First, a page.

One of my earliest memories. . .
is bedtime with Mom. Every night, without fail, I would climb into bed, slide under one of her homemade quilts and await the ‘regimen.’ The regimen was always the same: books, prayers, hymns.
I learned early on that I had to pick shorter books. . .
because Mom was a ‘sleeper.’ If she sat down for too long with nothing to do, I could count on her eyes closing. She wasn’t a one-book-Mom. She was a three-book-Mom. I’m fairly certain it was her patient reading to me during those early years that fostered my love for the written word. Even though her voice often sounded like a tired angel, she still read with great and appropriate expression. Since I really didn’t hear her talk that much during the daily grind of living, listening to her voice every evening was special.
We said three prayers: “Now I lay me down to sleep. . .
I pray the Lord my soul to keep. If I should die before I wake, I pray the Lord my soul to take, and this I ask for Jesus’ sake. Amen.” And “Dear Father, in heaven, look down from above; bless Daddy and Mommy, Rebecca, Daniel, Michael, Liz and Peter, and all whom we love. And “May angels guard over my slumbers and when the morning is dawning, awake me. Amen.”
And then we sang hymns.
Not one verse. Many verses. As many as I wanted. Of the thousands of evenings logged doing this regimen (I was about ten when she stopped), I probably chose “Built on the Rock” 50% of the time as the first hymn. I had no idea what the words meant until I was an adult but I sure liked how the words and melody made me feel. Strong and stable. Other favorite hymns I picked often were “Lord Jesus, Who Dost Love Me” and “Children of the Heavenly Father.” “Jesus, Priceless Treasure,” “Abide With Me,” “Rock of Ages,” and “Like the Golden Sun Ascending” were often sung. Even as a young child I found myself wondering how I knew all the words to so many hymns. I eventually figured it out. When you do something a thousand times, it tends to stick.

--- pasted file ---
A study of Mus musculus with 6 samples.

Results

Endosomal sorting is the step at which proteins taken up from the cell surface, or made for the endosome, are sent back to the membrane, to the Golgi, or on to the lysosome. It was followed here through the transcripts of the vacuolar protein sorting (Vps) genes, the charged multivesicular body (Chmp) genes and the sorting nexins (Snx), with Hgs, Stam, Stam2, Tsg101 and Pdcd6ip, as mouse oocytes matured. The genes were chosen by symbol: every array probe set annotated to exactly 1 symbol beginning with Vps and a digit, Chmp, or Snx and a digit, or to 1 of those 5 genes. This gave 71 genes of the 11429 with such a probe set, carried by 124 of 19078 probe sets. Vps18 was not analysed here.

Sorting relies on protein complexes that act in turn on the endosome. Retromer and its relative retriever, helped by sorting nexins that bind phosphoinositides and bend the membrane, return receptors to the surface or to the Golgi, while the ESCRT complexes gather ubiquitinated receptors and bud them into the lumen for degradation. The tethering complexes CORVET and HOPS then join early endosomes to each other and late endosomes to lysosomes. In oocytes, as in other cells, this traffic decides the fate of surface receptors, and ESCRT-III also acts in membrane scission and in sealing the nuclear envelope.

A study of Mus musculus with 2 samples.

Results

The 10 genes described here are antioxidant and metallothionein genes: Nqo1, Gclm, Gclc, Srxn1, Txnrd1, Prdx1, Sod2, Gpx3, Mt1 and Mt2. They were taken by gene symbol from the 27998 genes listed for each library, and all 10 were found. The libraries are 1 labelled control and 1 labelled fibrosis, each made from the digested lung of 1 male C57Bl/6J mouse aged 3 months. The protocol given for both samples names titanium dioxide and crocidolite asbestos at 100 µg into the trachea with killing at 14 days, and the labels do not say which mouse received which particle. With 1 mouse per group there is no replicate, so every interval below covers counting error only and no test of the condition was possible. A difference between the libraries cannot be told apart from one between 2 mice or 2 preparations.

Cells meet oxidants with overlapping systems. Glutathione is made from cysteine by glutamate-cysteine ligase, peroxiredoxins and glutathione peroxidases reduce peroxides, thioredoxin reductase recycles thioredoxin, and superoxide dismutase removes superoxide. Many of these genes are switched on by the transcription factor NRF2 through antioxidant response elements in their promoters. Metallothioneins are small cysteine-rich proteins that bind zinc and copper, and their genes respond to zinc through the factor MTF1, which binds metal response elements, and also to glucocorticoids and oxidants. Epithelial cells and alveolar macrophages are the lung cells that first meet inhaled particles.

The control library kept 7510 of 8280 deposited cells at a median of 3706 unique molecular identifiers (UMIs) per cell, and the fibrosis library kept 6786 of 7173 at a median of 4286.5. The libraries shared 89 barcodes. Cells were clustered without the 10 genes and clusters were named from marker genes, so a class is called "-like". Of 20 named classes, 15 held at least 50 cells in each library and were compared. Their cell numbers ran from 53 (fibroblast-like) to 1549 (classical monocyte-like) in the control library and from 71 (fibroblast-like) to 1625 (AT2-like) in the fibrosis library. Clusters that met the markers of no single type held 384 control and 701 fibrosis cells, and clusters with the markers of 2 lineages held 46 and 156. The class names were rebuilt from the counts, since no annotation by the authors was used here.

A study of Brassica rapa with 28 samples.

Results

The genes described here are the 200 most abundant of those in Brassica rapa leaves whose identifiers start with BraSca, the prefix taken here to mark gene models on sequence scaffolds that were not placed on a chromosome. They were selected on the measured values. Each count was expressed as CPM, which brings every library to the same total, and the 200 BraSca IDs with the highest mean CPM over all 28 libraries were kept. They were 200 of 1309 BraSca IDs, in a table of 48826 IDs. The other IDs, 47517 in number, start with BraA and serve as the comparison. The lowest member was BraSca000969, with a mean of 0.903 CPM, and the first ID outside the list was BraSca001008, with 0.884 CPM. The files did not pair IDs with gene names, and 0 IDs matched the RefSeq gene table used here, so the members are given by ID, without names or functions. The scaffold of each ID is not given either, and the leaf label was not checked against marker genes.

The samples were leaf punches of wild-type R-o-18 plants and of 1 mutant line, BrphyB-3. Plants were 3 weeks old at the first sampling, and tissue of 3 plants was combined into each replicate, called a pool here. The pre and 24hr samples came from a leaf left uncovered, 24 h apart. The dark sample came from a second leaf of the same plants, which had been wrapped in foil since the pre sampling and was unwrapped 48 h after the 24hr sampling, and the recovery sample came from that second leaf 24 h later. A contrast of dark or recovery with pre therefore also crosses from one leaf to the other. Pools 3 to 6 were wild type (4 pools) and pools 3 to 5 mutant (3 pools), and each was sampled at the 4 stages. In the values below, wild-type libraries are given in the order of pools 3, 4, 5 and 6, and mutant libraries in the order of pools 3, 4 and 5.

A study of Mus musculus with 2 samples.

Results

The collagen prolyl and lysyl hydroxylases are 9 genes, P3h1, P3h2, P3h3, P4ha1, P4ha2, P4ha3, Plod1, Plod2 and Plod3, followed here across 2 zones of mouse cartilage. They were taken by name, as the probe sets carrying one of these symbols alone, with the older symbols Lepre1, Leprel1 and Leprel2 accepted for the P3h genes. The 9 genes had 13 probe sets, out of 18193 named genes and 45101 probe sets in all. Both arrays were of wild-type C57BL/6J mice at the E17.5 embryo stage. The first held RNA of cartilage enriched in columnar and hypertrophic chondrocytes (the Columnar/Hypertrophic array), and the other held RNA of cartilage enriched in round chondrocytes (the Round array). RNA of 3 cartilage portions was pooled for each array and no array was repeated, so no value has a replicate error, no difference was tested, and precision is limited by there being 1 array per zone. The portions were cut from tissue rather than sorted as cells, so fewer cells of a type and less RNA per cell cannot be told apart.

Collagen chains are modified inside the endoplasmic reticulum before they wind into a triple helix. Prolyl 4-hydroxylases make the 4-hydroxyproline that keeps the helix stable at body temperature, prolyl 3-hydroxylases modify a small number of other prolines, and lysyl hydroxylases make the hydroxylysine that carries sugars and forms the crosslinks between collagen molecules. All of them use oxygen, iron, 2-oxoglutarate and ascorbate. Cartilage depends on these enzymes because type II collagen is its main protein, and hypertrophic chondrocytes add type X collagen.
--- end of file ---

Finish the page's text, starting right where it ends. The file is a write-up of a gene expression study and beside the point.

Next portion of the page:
I do have a favorite hymn. Hands down.
It’s been my favorite since childhood when my young, sweet voice sounded like one voice with Mom’s at bedtime. It’s a Norwegian hymn with a lilting Scandinavian melody that ebbs and swells like warm-toned strokes of rosemaling. Its four serene verses beautifully encapsulate a day in the life of a Christian living (and sometimes struggling) under God’s enduring grace:
“The sun has gone down, and peace has descended on country and town;
The songbirds in silence have flown to their nest,
And flowers are closing their petals in rest;
So closes my heart to annoyance and care,
In homage and prayer, in homage and prayer.
I praise for this day the Father in heaven who prospered my way,
Who shielded from danger, defended from harm,
Promoted my labor and strengthened my arm;
For hours that passed lightly as birds on the wing
Thanksgiving I bring, thanksgiving I bring.
Forgive me, O Lord, my sins and transgressions in deed and in word!
Thou knowest my heart and my innermost thoughts,
The words I have spoken, the deeds I have wrought,
My errors and failings I deeply regret;
Forgive and forget, forgive and forget.
I ask for no more. My light I extinguish and fasten the door,
And seeking my chamber, betake me to rest,
Assured that my slumber this night will be blest,
I fondly confide to Thy care and control
My body and soul, my body and soul.”
I knew all four verses by the age of around eight. I’m now 53 and didn’t need to open my hymnal to review it.
My first hymn teacher was a good one.